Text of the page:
Was Goldeneye 007 Originally Intended for Super NES?

The Goldeneye 007 title that ended up being released on Nintendo 64 in 1997 perhaps defined an entire generation of video games.

Image via Nintendo of America

Claim

The Nintendo 64 video game Goldeneye 007 (1997) was originally intended to be developed for Super NES.

Origin

On Aug. 25, 1997, Goldeneye 007 was released for the Nintendo 64 video game console. An image that purportedly showed an old, scanned page from “Nintendo Power” magazine appeared to claim that the game was originally destined for the Super NES (Super Nintendo Entertainment System).

When the game was released for N64 by Rare Ltd., it went on to perhaps define an entire generation of video games in the late 1990s. The first-person spy shooter was based on the 1995 James Bond film, “Goldeneye,” which featured Pierce Brosnan’s debut as the “shaken, not stirred” spy hero.

Goldeneye 007 was originally intended to be developed on Super NES or SNES before N64 or Nintendo 64.
Health on the left, body armor on the right.

The N64 game offered both single-player and multiplayer experiences. GamePro considered it “one of the best movie-to-game translations ever.” Adrenaline Vault also said: “Bar none this is the greatest console game ever made.”

‘Nintendo Power’

It is true that “Goldeneye 007” was originally intended for the Super NES.

Sometime between the 1995 and 2008, a page from an old issue of “Nintendo Power” magazine was scanned and posted on an old and now nonexistent utenti.lycos.it website.

However, a high-resolution version of the same scanned page was saved and reposted by @AguyinaRPG on Medium.com:

Goldeneye 007 was originally intended to be developed on Super NES or SNES before N64 or Nintendo 64.
It’s unclear when exactly the page was originally published, but it appeared to be from 1995.

The page read, in part:

Goldeneye

Once, Rolls Royce built luxury automobiles in the vast plant at Leavesden Airfield. Today, they film movies here. In February, Pak Watch dropped in for a look at the new James Bond film, Goldeneye, which is being filmed at the Leavesden Studio near London and around the world. We weren’t alone. Tim Stamper of Rare Ltd. (Rarewar) drove down for the press conference, but he was less interested in getting an autograph from Pierce Brosnan, the new James Bond, than in talking to the film’s production designers and artists. His interest is in making the Super NES version of Goldeneye as realistic and true-to-the-movie as possible. There was a lot to take in: movie stars, sets, props, scale models, fancy cars, cool gadgets and more.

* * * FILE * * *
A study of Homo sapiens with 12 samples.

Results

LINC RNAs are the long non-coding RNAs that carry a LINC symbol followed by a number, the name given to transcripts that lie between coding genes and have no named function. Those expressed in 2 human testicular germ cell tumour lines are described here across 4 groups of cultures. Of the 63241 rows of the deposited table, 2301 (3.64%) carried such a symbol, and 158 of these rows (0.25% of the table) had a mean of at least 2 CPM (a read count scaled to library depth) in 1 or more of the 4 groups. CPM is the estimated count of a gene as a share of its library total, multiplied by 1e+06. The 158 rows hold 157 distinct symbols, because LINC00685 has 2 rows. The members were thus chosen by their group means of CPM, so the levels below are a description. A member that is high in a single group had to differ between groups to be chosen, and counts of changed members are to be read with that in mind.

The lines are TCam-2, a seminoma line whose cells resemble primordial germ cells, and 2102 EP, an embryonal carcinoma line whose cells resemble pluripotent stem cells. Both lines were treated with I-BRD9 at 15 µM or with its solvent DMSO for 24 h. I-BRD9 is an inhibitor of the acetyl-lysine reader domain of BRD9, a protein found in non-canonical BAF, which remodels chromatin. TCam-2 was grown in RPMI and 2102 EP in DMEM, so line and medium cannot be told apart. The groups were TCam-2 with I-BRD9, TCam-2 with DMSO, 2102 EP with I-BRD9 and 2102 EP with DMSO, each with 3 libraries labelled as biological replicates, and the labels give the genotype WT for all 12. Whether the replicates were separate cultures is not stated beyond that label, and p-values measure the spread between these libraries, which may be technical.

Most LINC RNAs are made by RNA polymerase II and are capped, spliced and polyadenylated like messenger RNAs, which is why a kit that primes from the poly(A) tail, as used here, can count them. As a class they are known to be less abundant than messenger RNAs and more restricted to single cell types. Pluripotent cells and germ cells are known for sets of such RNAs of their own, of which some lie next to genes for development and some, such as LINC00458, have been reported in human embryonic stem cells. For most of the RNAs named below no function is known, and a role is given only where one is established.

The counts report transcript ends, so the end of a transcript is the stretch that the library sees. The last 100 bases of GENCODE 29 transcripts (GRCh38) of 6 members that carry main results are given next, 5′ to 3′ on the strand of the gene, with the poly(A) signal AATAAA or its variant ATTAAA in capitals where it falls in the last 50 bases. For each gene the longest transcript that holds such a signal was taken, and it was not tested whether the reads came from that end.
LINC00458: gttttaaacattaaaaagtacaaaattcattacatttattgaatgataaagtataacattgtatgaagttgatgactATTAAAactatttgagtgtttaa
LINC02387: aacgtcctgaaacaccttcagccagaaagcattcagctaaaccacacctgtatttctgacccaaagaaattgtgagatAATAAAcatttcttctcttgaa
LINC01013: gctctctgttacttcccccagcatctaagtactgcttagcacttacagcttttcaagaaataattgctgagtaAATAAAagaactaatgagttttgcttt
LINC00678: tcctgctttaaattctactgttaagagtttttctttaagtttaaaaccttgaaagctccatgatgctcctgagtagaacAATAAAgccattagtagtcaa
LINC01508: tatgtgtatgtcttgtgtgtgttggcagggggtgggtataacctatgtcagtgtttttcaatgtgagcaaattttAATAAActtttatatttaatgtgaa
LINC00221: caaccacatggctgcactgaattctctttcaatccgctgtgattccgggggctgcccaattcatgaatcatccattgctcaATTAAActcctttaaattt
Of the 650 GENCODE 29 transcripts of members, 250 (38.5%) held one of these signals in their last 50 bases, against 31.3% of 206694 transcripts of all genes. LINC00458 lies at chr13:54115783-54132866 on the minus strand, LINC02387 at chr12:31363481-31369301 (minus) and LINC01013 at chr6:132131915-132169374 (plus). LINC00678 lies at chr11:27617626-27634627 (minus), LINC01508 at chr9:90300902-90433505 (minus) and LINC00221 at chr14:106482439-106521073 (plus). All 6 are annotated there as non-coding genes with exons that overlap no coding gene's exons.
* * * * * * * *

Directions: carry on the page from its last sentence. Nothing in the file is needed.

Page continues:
As for Goldeneye the game, Tim Stamper and the talented team at Rare have just begun the hard work. Pierce Brosnan will appear as Bond just as he does in the movie. Other elements to be imported from the film include the famous Bond theme music, the new BMW Roadster and Q’s cool toys. Goldeneye, like Donkey Kong Country, will be a fully rendered game that uses the same ACM (Advanced Computer Modeling) techniques. It’s too early to report a release date for the game, but it should appear shortly after the movie.

Over the next two years, the game’s development shifted to the Nintendo 64, and the rest is history.

Goldeneye 007 Facts and Rumors

In addition to being originally intended for the SNES, there were also a number of rumors involving Goldeneye 007.

For example, it was true that a lost game map named “Citadel” was found in the game’s code with the help of an old GameShark.

A “secret island” could also be accessed in the first level of the game with the use of the cheat cartridge.

However, there wasn’t much to do on the little island other than explore.

One falsehood in the history of Goldeneye 007 involved a purportedly hidden “All Bonds” cheat code. The well-crafted April Fools’ joke from “Electronic Gaming Monthly” supposedly showed a way to allow players to assume the role of past James Bond actors. Although the whole thing was a gag, it is true that portraits of Sean Connery, Roger Moore, and Timothy Dalton were found in the game’s code. This made the whole thing quite a bit more convincing to some gamers. The portraits were available in the game’s menu when using a GameShark.

In sum, yes, it is true that Goldeneye 007 was originally intended for Super NES before it landed on the Nintendo 64.